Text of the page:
The perfect balance between unspoiled nature and city life

Fishing Report July 10, 2013

Report provided by Mitch Mode of Mel’s Trading Post, Rhinelander

We’re into the days of heat and humidity now, days when the temperature  can top 80 and the humidity can top out higher than that.  Nights can be pleasant and daybreak absolutely wonderful for its cool freshness.   Recent rains have been bringing lake levels up (thought many lakes remain low) and while those same rains have contributed to swarms of mosquitoes we are enjoying some true summer weather this week.

What does that mean for fishing?  Typically July and August bring a slowdown as the heat rises.  But that is not always the case.  Fish still feed under the high sun of mid summer and the key is to finding them.

Musky fishing has been slow but steady of late.  The key to summer muskies is the weather.  A hot, sunny day is generally not worth going out on but if the clouds build up on a muggy day muskies can move during daylight hours.  On those days work along weedy areas with bucktails (black tails with gold blades have always been the first choice on darker waters) or crankbaits.

If the day is sunny the best time out is at sundown or, for early risers, dawn.  Top water lures work well then, big, splashy lures that draw fish from a distance.

That same strategy is true with largemouth bass, a staple of summer fishing.  With bass we always like to work the edges of lily pads and other thick cover, using a frog imitation in the pads, a fake minnow or plastic worm.  All those lures will produce bass on a summer evening or at daybreak.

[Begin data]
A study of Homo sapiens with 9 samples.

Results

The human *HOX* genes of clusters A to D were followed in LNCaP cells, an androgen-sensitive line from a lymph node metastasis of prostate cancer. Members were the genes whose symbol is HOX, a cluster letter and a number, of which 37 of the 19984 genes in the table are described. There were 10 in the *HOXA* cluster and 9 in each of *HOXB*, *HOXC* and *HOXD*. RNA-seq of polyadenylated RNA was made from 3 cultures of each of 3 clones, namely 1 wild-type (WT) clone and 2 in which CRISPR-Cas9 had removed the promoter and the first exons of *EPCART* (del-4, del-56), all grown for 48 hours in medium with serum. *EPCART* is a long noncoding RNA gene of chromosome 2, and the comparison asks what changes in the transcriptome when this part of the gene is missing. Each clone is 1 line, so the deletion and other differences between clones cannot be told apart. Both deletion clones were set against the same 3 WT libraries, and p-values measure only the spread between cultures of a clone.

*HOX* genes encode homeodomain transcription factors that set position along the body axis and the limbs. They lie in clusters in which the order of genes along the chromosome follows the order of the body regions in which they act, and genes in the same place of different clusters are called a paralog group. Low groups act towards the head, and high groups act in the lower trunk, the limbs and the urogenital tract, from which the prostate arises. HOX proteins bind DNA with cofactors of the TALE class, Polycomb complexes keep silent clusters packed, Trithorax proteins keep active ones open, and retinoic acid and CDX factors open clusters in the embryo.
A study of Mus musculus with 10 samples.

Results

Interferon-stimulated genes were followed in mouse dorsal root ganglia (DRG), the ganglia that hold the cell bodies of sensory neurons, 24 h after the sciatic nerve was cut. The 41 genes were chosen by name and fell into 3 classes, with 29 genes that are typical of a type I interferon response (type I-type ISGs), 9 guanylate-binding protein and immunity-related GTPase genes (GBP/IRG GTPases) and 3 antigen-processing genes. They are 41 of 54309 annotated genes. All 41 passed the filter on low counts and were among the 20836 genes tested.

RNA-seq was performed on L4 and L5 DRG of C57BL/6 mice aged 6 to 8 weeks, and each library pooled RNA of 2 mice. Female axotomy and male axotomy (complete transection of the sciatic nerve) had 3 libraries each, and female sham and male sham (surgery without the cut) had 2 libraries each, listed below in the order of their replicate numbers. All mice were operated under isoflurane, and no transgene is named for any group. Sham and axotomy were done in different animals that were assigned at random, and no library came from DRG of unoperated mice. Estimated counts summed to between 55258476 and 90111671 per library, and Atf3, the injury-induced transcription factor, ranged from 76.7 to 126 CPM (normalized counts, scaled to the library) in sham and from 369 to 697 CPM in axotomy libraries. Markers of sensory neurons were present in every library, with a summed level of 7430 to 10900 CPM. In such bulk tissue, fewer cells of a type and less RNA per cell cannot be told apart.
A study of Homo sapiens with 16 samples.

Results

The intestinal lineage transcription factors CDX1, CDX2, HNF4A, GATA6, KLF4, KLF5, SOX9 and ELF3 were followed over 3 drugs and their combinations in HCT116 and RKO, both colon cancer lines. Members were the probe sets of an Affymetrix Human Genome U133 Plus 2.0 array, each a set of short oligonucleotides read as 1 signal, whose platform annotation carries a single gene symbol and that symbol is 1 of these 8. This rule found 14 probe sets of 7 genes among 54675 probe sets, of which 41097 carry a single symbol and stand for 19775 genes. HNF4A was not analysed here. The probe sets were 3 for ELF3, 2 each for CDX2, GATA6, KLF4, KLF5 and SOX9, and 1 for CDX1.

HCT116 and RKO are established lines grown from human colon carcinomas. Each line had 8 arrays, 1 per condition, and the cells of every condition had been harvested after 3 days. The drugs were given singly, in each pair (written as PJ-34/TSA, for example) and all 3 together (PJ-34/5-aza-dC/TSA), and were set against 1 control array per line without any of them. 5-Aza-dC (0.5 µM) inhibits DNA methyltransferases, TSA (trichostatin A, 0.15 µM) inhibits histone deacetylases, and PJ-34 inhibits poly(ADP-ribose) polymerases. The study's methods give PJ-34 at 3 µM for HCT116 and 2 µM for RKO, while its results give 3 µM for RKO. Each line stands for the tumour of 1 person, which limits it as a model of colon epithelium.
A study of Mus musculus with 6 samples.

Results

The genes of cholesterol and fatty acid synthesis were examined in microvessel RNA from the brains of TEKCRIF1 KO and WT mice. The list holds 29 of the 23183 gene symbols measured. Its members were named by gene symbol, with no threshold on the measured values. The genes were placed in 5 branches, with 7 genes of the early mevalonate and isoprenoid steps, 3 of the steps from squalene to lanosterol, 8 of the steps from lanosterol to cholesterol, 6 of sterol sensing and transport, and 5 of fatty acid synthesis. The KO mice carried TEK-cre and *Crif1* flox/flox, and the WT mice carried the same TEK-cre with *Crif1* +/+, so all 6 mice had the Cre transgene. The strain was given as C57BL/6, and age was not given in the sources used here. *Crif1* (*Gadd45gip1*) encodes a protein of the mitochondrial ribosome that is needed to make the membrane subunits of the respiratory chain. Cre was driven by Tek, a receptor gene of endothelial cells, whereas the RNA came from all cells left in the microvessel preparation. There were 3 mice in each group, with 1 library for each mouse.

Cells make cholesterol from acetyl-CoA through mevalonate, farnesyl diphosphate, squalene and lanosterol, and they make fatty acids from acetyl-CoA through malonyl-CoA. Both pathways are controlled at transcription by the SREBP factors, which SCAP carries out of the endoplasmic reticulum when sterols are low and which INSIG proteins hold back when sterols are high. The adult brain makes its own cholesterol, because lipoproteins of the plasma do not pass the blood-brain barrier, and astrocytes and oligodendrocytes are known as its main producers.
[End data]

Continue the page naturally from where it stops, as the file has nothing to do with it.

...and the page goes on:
Smallmouth bass have moved to deeper water on most lakes.  Look for rockbars or gravel beds in deeper water and use deep running crankbaits or crayfish imitations to take them. Or, fish some of the area rivers, concentrating on deeper holes or in faster moving water.

Walleyes are also deeper these days.  Location is the key to walleyes in the summertime; they do not like to move out very far from deep weeds.  But if you can place your jigs near to the edge where the submerged weeds meet some open areas you can take walleyes during the heat.  Jigs tipped with crawlers or leeches or a good scented artificial will do well.   More anglers are using artificial plastic leeches these days as they’re tougher, easier to handle and very effective.

Panfish will usually be in deeper water now, at least those panfish worth taking. Smaller fish will be evident in shallower waters but don’t be deceived by them. Work deeper water for bigger fish.

As will all summer fishing weather is a key factor both in when fish might feed (avoid easterly winds or high sun afternoons) but also for storms that can blow up in a short time.  If you’re in a boat keep an eye on the sky.  If you see dark clouds start to rise up we’d get off the water.